The Consequences of a Reinke Win: 2 COA cases likely overruled and 2 merger arguments with new life
In case you hadn’t heard, the OSC has granted in review in State v. Reinke. The first question in Reinke is whether offense-specific enhancement facts are “elements”, even if given a “sentence-enhancement” label by the legislature. The second is, if they are elements, whether they must be plead in the indictment. Both questions are under the Oregon Constitution and therefore separate and distinct from Blakely and Apprendi arguments.
Oral argument is set in May. We can probably expect an opinion in about a year (i.e., about the same time that — if you preserved an issue today — the defendant’s brief would be filed).
If Reinke is successful, it would throw into question at least two appellate decisions and it would likely give new fuel to a couple of merger arguments.
A quick reminder that this issue — which might seem new — actually has a long history in Oregon law. State v. Wedge, 293 Or 598, 652 P2d 773 (1982), as described in State v. Ice, “explain[ed] that, although the statute treated firearm use as a mere sentencing factor, when applied in the context of a robbery conviction, it in effect * * * create[d] a new crime’ of first-degree robbery using a firearm. Id. at 608.” [Emphasis added.]
The first decision likely to fall if Reinke prevails is State v. Williams, 237 Ore. App. 377 (2010), where the COA upheld an amendment to a sub-category enhancement fact (that the victim “did not substantially contribute to the commission of the offense by precipitating the attack”). The COA held that — though offense-specific — the enhancement fact was not an element and therefore did not have to go through grand jury to be litigated. If sentence enhancement facts that are offense-specific must be plead in the indictment, then it would be hard to conclude that Williams was still good law.
Williams came out just over a year ago, but there’s an older, somewhat obscure case that — if reversed — would subject a number of drug indictments to a demurrer. Let’s assume you’ve got an indictment that alleges both a “commercial drug offense” and “substantial quantities.” Right now, they are considered mere sentence enhancements, but given that they are offense-specific, they would likely be considered elements if Reinke prevails. And if they were elements, they would violate the rule against having two crimes that are not “separately stated.” ORS 135.630(3). Here’s a portion of a COA opinion concluding otherwise:
We read the above language to mean that the subcategory factors required for sentencing purposes are not themselves elements of the underlying offense, but are alleged in addition to those elements. Accord State v. Stewart, 123 Ore. App. 147, 149, 859 P.2d 545 (1993), on recon 126 Ore. App. 456, 868 P.2d 794 (1994), aff’d on other grounds 321 Ore. 1, 892 P.2d 1013 (1995) (trial court properly refused proposed instruction that erroneously treated penalty enhancer as an element of the crime). Applying that holding in this context, we conclude that when an indictment properly alleges the elements of the underlying offense, the inclusion of alternative grounds for enhancing the sentence does not create additional offenses. The trial court erred in concluding that Count 1 alleges multiple offenses and in sustaining the demurrers on that basis. [Emphasis added.]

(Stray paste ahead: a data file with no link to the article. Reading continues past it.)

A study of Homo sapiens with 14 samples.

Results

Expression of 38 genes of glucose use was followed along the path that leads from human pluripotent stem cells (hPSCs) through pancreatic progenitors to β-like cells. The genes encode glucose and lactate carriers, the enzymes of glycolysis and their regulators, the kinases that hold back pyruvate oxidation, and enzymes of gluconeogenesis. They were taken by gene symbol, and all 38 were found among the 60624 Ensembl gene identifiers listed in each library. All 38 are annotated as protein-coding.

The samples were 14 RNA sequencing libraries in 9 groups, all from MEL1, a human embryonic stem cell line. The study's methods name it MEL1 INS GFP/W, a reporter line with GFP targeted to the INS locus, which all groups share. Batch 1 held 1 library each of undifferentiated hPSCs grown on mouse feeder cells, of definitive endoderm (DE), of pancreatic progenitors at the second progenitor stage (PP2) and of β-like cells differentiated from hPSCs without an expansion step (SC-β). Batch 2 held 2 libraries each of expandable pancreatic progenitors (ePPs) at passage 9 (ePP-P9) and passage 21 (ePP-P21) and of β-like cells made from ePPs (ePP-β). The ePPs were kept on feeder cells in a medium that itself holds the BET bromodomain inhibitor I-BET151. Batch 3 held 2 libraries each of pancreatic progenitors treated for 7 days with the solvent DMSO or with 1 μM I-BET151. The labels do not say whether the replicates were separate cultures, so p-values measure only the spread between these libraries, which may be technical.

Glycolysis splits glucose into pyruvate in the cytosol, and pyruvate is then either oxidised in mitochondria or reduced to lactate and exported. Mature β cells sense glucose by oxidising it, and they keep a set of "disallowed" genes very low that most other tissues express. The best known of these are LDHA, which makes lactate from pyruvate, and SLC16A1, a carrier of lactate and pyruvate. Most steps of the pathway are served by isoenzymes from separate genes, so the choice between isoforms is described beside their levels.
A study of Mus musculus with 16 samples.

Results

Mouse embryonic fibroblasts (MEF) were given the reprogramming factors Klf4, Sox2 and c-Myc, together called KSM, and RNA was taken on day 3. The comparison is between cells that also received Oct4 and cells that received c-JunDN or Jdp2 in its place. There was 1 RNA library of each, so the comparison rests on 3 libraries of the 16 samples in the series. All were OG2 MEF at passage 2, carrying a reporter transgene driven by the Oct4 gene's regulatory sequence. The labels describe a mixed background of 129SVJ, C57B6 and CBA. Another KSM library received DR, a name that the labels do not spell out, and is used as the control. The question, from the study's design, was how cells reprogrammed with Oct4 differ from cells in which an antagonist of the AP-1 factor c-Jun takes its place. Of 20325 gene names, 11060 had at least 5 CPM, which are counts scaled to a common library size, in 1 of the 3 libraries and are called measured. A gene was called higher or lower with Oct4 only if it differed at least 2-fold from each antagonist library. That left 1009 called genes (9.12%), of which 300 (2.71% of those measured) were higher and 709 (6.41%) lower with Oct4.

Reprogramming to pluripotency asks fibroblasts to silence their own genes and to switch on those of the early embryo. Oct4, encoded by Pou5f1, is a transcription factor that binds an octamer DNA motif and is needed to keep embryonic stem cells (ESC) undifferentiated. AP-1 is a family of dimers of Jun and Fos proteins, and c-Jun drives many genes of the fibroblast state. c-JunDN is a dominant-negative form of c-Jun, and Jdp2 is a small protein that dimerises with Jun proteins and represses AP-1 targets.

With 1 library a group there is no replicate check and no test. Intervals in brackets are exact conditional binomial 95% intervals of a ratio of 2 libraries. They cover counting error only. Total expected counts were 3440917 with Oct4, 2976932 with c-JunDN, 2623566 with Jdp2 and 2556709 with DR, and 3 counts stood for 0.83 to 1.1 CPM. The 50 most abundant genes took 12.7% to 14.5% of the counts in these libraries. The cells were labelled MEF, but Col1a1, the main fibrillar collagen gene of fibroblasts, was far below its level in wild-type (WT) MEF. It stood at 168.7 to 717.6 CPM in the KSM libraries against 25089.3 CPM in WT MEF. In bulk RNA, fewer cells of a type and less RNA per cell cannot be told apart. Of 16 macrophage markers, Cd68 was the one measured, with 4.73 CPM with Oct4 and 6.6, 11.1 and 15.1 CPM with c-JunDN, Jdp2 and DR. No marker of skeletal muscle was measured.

State v. Merrill, 135 Or App 408, 412-413 (1995).
If you file a demurrer under the theory rejected in Merrill — and I’ve got one if you want it — there’s a good chance Reinke will be decided before the appellate attorney has to decide whether to brief it. One way or another, Reinke should make it an easy decision for appellate counsel.
The following issue hasn’t yet made it to the COA, but it would likely be impacted by a Reinke win. Of course, it may prevail anyway.
I had mentioned that in Wedge, the OSC found that the gun minimum was an “element” of the crime. In fact, the gun minimum statute now calls it an element, though I believe at the time Wedge came out, it was considered a mere sentence enhancement factor. Anyway, assume you’ve got someone charged with Felon in Possession (with additional language of use or threatened use of a firearm) and Unlawful Use of a Weapon. Arguably, all of the elements of UUW are encompassed in the gun minimum language attached to the Felon in Possession. Therefore, they would merge on the grounds that a lesser-included offense always merges into the greater offense:
A crime is a lesser-included offense of another crime as a matter of law if either of two circumstances exist: “(1) the elements of the lesser offense necessarily are included in the greater offense because the elements of the former are subsumed in the latter; or (2) all of the elements of the lesser offense are expressly set forth in the accusatory instrument.” State v. Lee, 174 Or App 119, 125, 23 P3d 999, rev den, 332 Or 559 (2001).
And if you want to tell me that (2) doesn’t apply in this situation, then tell me when (2) applies but (1) does not.
A related issue is when a defendant is charged with DCS (substantial quantities) and PCS. If the DCS-heroin includes the language “the defendant possessed substantial quantities of heroin,” then all the elements of possession are alleged within the DCS, resulting in merger. Currently, the state will argue that “the defendant possessed substantial quantities of heroin” is not an element, which may not be a strong enough argument to defeat merger under Lee, but if Reinke says it is an element, then merger would seem inevitable.